Shillong: The Zoological Survey of India (ZSI) has asserted that the 'Living Root Bridges' in Meghalaya must meet the categories of 'Faunal Diversity' and the 'preparation of health cards' to attain the tag of United Nations Educational, Scientific & Cultural Organization (UNESCO) World Heritage Site.
The Living Root Bridges is situated inside a remote village in the northeastern state of Meghalaya. It is a breathtaking destination for tourists and it showcases the botanical and socio-cultural links between nature and human culture.
Dr Dhriti Banerjee, the director of ZSI, a premier and reputed zoological organization, has stressed two aspects for fulfilling the IX and X criteria of the UNESCO World Heritage.
Sites showcasing significant ongoing ecological & biological processes and development of terrestrial, freshwater, coastal and marine ecosystems and communities of plants and animals are represented by Criteria IX.
On the other hand, sites that contain significant natural habitats for in-situ conservation of biological diversity, including those containing threatened species of outstanding universal value from the point of view of science or conservation is represented by Criteria X.
Meanwhile, Professor K Vijay Raghavan, Principal Scientific Adviser to the Government of India is also in favour of designating this destination as a UNESCO World Heritage Site.
He said that Living Root Bridges deserve the UNESCO tag due to its rich micro and macro species associated with this majestic destination.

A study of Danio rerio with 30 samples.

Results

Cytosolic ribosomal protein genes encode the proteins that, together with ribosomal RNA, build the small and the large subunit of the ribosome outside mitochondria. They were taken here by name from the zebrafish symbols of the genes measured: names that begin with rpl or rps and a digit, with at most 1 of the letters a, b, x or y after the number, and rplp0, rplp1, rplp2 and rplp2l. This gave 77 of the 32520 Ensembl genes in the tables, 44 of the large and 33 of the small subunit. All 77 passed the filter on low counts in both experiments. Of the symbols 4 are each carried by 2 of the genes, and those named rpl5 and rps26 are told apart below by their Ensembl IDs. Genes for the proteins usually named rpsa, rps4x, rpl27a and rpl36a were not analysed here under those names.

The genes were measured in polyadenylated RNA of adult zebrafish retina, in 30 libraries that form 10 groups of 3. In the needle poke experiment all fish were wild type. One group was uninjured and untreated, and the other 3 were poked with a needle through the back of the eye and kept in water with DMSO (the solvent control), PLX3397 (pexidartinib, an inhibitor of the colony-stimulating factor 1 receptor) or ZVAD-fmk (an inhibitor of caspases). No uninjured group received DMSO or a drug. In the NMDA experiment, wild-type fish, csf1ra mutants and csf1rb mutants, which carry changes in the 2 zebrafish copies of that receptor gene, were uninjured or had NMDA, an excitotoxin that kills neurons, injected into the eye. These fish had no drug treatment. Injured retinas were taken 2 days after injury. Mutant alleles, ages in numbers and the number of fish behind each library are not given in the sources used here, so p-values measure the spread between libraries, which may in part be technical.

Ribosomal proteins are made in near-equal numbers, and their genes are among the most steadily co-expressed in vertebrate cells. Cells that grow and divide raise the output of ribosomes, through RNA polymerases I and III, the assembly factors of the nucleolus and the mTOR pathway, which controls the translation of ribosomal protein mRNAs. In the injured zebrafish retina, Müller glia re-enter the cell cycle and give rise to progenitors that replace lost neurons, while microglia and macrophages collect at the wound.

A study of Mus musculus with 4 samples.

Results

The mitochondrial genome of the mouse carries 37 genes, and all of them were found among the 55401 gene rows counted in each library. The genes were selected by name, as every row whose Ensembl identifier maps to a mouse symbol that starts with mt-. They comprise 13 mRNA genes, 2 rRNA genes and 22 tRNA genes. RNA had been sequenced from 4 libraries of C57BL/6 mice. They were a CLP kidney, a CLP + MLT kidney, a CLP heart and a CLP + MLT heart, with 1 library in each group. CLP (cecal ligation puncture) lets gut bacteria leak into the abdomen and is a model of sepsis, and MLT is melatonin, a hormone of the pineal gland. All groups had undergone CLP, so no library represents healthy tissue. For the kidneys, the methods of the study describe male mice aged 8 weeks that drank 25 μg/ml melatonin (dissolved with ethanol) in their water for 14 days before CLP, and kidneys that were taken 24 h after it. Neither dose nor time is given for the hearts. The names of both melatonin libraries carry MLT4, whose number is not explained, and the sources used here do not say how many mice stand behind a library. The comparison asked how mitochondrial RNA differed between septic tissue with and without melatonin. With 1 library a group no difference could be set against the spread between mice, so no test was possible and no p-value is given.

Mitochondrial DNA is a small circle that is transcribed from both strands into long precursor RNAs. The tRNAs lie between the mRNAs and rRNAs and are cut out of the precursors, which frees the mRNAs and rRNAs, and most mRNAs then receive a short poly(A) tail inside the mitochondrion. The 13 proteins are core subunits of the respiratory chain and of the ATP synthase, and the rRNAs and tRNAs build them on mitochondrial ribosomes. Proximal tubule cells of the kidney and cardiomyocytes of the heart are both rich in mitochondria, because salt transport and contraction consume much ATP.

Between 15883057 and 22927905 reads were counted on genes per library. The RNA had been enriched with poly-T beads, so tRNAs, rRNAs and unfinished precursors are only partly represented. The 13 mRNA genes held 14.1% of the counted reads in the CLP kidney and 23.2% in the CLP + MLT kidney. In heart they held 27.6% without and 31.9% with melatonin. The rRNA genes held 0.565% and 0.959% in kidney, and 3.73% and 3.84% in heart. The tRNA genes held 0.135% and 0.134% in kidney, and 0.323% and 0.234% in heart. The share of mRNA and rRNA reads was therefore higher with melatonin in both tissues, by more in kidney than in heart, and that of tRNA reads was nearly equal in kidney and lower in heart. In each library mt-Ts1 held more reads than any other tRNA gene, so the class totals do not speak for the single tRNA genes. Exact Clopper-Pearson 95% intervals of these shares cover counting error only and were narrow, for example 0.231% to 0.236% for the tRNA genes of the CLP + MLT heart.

Scientists from the ZSI recently paid a visit to some sites of the 'Living Root Bridges' for assessing its faunal diversity.
They documented as many as 83 faunas, which includes six mammals, five aquatic, 72 terrestrials, from the 11 Living Root Bridges.
It is worth noting that six species of mammals were reported for the first time from two bridges.
"A fruit bat, Macroglossus sobrinus K Anderson, was found with seeds in spit and seemed to be a potential seed disperser, which needs further investigation. Entomofaunal diversity includes eight orders (two aquatics, six terrestrial) within the radius of 200 metres of Living Root Bridges assessed," the ZSI said in a statement.
The statement added that Nohwet, a living root bridge site, was found to have more diversity of butterflies, dragonflies and aquatic insects than other Living Root Bridges.
Furthermore, no infestation of Isoptera (termites) was observed in any of the root bridges and the scientists also spotted spider webs on tree trunks.
The scientists also stated that 'Living Root Bridges' houses several critically-endangered species of flora and fauna and is therefore a major reason to be listed as an UNESCO World Heritage site.
The 'Living Root Bridges' is locally referred to as 'Jingkieng Jri' and is conserved by the communities of Meghalaya through their sacred customary practice of preserving the groves known as 'Law Kyntang'.
The 'Living Root Bridges' are made from rubber tree roots, which is known as Ficus elastica tree and their tangled webs of roots provide a stable alternative to wooden bridges.
It is considered to be one of the finest creations of nature.
Last but not the least, Meghalaya could witness a significant boost in tourism if this jaw-dropping site gets the UNESCO World Heritage Site tag.